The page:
Police Activity Was Way Up

    Police calls and activity were way up for the Fourth of July weekend, as were arrests and vehicular accidents, as compared to 2012, according to East Hampton Town Police Chief Edward Ecker.

    “It was busier, for sure,” he said.

    Last year, the chief said, East Hampton Town police received 435 calls for all types of assistance during the four-day period that began on Wednesday, July 4. This year, over what was essentially a four-day weekend, with the holiday falling on a Thursday, there were 555 calls to police for help, an increase of 28 percent.

    Motor vehicle accidents were up as well, with 33 over that time period this year, as opposed to 24 last year. East Hampton Village reported 24 vehicular accidents during the holiday week, bringing the total to 57.

    Six people were taken to the hospital after accidents in East Hampton Town over the weekend.

    The weekend included a police sweep of the town designed to catch drunken drivers. It was conducted in conjunction with the Suffolk County district attorney’s office. Southampton Town and Village, the Suffolk County police, the Suffolk sheriff’s office, and the New York State Troopers all sent officers. However, instead of setting up roadblocks, as was done last year, the officers did what Chief Ecker called “saturation patrol,” which made better use of manpower, he said.

    The village and town combined for 29 arrests on alcohol-related vehicular charges as a result, along with nine other arrests.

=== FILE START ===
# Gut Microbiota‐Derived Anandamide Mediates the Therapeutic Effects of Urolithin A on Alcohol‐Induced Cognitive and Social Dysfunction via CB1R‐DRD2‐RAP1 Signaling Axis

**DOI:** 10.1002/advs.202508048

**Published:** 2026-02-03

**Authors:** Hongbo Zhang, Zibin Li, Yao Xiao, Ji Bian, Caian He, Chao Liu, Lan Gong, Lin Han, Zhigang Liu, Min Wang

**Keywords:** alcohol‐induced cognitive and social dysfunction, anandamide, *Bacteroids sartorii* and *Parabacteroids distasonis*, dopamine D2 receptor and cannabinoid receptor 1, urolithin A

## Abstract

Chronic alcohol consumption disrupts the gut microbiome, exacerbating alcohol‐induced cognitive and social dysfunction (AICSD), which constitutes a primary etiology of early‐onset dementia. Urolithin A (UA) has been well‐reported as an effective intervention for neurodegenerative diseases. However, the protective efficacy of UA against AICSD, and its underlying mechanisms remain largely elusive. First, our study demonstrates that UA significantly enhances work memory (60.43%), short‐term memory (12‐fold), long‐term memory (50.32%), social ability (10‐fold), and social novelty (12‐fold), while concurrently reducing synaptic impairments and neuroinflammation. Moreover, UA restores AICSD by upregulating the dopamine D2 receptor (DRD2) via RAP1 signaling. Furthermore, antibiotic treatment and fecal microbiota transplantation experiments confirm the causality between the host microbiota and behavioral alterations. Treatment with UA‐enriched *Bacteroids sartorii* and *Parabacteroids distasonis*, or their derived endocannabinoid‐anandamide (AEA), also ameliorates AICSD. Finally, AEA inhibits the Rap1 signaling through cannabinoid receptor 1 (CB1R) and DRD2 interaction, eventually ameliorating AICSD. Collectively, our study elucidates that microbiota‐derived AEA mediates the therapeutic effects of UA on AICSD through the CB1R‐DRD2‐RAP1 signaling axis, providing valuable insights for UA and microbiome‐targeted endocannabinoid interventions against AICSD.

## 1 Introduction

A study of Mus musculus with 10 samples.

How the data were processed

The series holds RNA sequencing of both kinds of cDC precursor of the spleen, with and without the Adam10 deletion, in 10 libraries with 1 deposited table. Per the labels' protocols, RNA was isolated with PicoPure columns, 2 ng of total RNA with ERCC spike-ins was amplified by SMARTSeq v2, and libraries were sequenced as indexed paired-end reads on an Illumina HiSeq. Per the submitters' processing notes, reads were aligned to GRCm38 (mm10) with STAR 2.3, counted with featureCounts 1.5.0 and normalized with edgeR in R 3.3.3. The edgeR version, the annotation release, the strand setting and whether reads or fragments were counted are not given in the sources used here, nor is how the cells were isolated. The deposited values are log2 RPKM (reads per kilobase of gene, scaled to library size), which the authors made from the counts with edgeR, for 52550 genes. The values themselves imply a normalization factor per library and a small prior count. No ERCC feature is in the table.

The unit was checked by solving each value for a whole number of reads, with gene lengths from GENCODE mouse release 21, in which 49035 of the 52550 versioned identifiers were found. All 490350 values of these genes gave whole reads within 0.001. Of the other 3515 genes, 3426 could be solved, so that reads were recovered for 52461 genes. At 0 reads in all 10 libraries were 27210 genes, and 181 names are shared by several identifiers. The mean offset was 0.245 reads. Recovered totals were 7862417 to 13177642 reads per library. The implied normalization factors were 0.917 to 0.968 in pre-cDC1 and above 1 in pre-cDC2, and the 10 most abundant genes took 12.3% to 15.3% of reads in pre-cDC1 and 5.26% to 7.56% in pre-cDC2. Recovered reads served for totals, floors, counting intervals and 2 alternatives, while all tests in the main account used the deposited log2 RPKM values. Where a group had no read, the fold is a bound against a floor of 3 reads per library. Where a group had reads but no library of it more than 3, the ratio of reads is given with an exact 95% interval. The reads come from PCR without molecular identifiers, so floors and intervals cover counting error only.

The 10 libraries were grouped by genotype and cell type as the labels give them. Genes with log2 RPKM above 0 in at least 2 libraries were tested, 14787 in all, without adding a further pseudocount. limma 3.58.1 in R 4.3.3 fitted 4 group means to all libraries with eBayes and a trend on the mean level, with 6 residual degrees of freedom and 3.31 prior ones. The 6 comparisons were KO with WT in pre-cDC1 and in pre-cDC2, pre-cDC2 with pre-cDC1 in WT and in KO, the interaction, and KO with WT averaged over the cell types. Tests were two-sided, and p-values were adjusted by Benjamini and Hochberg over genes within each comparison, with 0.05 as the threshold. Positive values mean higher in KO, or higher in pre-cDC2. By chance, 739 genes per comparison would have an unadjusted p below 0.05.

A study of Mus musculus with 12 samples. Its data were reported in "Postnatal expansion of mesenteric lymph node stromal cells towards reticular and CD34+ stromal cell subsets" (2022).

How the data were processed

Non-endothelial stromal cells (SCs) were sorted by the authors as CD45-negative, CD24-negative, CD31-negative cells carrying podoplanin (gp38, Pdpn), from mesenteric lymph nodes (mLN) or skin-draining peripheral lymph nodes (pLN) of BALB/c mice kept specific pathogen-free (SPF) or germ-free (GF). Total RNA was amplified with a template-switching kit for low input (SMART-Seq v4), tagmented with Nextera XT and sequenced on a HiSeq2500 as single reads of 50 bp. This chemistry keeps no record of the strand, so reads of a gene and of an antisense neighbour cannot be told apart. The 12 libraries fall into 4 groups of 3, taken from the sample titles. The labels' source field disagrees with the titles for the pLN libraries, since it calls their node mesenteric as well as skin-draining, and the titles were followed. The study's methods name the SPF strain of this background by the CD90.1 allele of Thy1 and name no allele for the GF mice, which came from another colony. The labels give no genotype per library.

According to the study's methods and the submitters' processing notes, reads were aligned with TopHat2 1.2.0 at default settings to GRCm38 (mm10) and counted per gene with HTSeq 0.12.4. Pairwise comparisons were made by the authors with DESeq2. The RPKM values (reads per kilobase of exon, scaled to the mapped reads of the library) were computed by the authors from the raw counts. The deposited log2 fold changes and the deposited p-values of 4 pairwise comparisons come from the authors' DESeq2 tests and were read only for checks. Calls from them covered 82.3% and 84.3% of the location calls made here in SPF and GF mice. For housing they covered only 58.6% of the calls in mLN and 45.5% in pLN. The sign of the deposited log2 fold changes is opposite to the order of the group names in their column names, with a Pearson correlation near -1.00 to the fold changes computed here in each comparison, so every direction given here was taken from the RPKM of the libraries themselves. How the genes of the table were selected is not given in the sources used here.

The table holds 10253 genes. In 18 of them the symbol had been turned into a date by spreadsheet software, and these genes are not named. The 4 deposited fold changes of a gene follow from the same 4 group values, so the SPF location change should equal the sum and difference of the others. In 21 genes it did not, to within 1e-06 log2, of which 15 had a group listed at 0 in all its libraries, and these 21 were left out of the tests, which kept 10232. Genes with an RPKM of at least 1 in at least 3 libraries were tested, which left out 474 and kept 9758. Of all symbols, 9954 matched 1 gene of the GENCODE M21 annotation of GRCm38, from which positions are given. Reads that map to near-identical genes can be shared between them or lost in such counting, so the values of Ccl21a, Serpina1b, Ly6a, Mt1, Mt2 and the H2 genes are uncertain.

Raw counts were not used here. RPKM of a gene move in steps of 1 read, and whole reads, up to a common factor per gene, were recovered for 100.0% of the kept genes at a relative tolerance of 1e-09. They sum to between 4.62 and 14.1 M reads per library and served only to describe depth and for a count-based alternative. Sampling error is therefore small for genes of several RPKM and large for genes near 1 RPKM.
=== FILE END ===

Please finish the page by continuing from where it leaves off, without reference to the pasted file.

One operation that went smoothly, the policing of a massive gathering for the Shark Attack Sounds party on Friday at the Montauk Yacht Club, was planned well in advance by the chief and his staff, who set up a “no parking” perimeter around the area and had officers on patrol.

    The Snug Harbor marina called police at one point to report someone parking on the marina’s property. An officer responded within a couple of minutes and spoke to the driver, who then drove away.

    The party dispersed gradually, which lessened the crowds looking to get on the waiting buses, though traffic was jammed on West Lake Drive.

    Chief Ecker acknowledged that the tragic death of Anna Lytton of Springs, 14, on Pantigo Road in East Hampton Village in June was an ominous beginning for the heart of the season. But he hopes that, with good planning and coordination with the village, the department and the town can get through the summer relatively unscathed.

    “We just want to make sure that nobody gets hurt,” the chief said.